A student of Chemu Senior High School (SHS) in Tema, McKenzie Damprani, has been crowned winner of the 11th edition of The Young Debaters (TYD) 2023 competition.
He emerged as overall winner after a stellar performance at the TYD finals held in Accra. His winning speech, “building bridges” – chosen from the main theme of this year’s competition, ‘Relations between nations are too important to be left to governments alone’, was adjudged best out of six contestants.
For emerging the overall winner, he gets an all-expenses paid return trip to the UK to participate in the International Public Speaking Competition (IPSC), a £300 per diem plus an engraved plaque. The first runner-up, Mercy Buckman of Accra High School, and second runner-up, Fathia Dramani of Accra Girls School, were given prizes including sponsored online programmes for teenagers and engraved plaques
Meanwhile, all finalists were rewarded with a novel and a certificate of recognition.
TYD is a public-speaking competition for high school students. Every year, winners of the competition are selected to participate in the International Public Speaking Competition (IPSC) in London, UK. It is an initiative of The Young Educators Foundation (YEF), a Ghanaian NGO that promotes education and literacy.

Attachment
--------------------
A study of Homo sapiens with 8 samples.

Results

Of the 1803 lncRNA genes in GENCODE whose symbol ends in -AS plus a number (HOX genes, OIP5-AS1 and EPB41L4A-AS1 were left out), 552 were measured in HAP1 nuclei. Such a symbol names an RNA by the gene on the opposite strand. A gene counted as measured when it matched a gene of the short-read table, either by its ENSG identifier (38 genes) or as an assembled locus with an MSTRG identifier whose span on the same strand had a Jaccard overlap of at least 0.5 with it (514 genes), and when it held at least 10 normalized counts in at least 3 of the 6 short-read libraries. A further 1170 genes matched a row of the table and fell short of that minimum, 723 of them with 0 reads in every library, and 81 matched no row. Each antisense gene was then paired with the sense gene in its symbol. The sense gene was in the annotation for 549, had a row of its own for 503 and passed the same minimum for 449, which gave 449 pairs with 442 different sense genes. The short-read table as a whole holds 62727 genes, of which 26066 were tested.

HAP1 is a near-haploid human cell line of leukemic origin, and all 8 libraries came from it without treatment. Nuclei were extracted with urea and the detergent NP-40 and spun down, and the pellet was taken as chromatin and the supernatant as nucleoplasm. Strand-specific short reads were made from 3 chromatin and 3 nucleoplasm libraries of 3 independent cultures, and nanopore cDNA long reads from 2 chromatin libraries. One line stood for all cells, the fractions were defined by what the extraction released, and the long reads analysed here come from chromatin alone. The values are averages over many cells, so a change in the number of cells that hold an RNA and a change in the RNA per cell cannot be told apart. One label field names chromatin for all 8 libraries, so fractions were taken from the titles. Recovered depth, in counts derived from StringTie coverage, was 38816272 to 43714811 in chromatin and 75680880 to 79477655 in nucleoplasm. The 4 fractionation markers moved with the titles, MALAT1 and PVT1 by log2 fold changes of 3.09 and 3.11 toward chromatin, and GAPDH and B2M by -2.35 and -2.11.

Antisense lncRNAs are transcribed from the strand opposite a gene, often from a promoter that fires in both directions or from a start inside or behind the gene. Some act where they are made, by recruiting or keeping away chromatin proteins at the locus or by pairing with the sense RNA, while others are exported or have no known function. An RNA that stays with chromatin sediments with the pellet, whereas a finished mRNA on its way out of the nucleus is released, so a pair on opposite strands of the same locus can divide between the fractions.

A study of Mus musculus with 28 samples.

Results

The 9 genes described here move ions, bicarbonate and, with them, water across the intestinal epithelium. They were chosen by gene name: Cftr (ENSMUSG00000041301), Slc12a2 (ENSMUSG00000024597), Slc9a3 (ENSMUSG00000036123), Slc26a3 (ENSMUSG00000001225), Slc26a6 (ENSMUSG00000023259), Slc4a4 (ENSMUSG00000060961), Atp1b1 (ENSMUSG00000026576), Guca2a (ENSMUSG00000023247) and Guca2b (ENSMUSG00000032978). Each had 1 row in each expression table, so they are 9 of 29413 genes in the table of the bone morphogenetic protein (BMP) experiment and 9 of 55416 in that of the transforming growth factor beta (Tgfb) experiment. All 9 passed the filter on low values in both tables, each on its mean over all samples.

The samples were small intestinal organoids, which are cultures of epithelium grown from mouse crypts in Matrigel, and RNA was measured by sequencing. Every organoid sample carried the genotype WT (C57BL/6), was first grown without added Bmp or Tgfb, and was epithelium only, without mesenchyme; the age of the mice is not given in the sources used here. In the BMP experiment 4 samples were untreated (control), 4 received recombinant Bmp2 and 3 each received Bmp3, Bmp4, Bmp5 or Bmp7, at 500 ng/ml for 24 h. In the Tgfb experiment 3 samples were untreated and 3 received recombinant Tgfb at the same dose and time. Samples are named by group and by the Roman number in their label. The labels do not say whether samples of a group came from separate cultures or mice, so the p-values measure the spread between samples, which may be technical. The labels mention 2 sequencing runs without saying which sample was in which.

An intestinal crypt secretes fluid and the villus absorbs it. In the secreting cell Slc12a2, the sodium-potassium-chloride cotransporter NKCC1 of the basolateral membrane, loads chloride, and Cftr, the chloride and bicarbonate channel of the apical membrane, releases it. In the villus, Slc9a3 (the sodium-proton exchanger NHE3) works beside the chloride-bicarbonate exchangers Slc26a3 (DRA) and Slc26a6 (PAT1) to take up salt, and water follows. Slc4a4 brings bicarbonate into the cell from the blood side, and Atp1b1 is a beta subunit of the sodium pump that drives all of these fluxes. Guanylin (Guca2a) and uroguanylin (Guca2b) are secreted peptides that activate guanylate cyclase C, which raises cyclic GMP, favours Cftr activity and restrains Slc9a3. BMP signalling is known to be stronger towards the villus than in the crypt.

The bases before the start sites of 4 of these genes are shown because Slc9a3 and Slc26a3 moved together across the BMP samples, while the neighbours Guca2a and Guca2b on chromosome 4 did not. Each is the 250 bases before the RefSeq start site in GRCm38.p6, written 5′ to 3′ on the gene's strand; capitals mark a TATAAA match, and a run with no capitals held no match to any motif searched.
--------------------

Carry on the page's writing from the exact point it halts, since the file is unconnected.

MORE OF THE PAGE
Speaking to the B&FT, the TYD 2023 champion said he is excited to represent the country on the world stage. He commended the relentless support of his coach, and described the success chalked up as his greatest achievements.
“I am thrilled and excited to see that my hard work and sleepless nights paid off today. It is a great achievement for me, and I am grateful to my coach for training me for this competition,” he said.
In attendance at the event were the Director of Communications at Melcom Ghana, Godwin Avenorgbo; Director of Public Affairs-Parliament of Ghana, Kate Addo; Spokesperson of former President John Mahama, Joyce Bawah; representatives from the British High Commission and other invited guests.
Programmes coordinator of YEF – organiser of TYD, Salomé Dzakpasu, says the competition seeks to fill a gap they have noticed among young people: lack of confidence in public speaking and in defending their ideas. She noted that the competition goes beyond helping students boost their confidence to structuring their thoughts, and delivering an impactful speech that is well understood by all.
Ms. Dzakpasu explained that the IPSC brings together young people from about 50 English-speaking countries who meet in London over about five days for the competition – adding that the winner will be given adequate preparation through coaching and training to “lift the flag of Ghana high in UK”.
In an interview with Ruth Quashie, coach of the overall winner and an English teacher at Chemu SHS, she said she was not surprised to see her trainee winning because he went the extra mile and was more composed during the competition.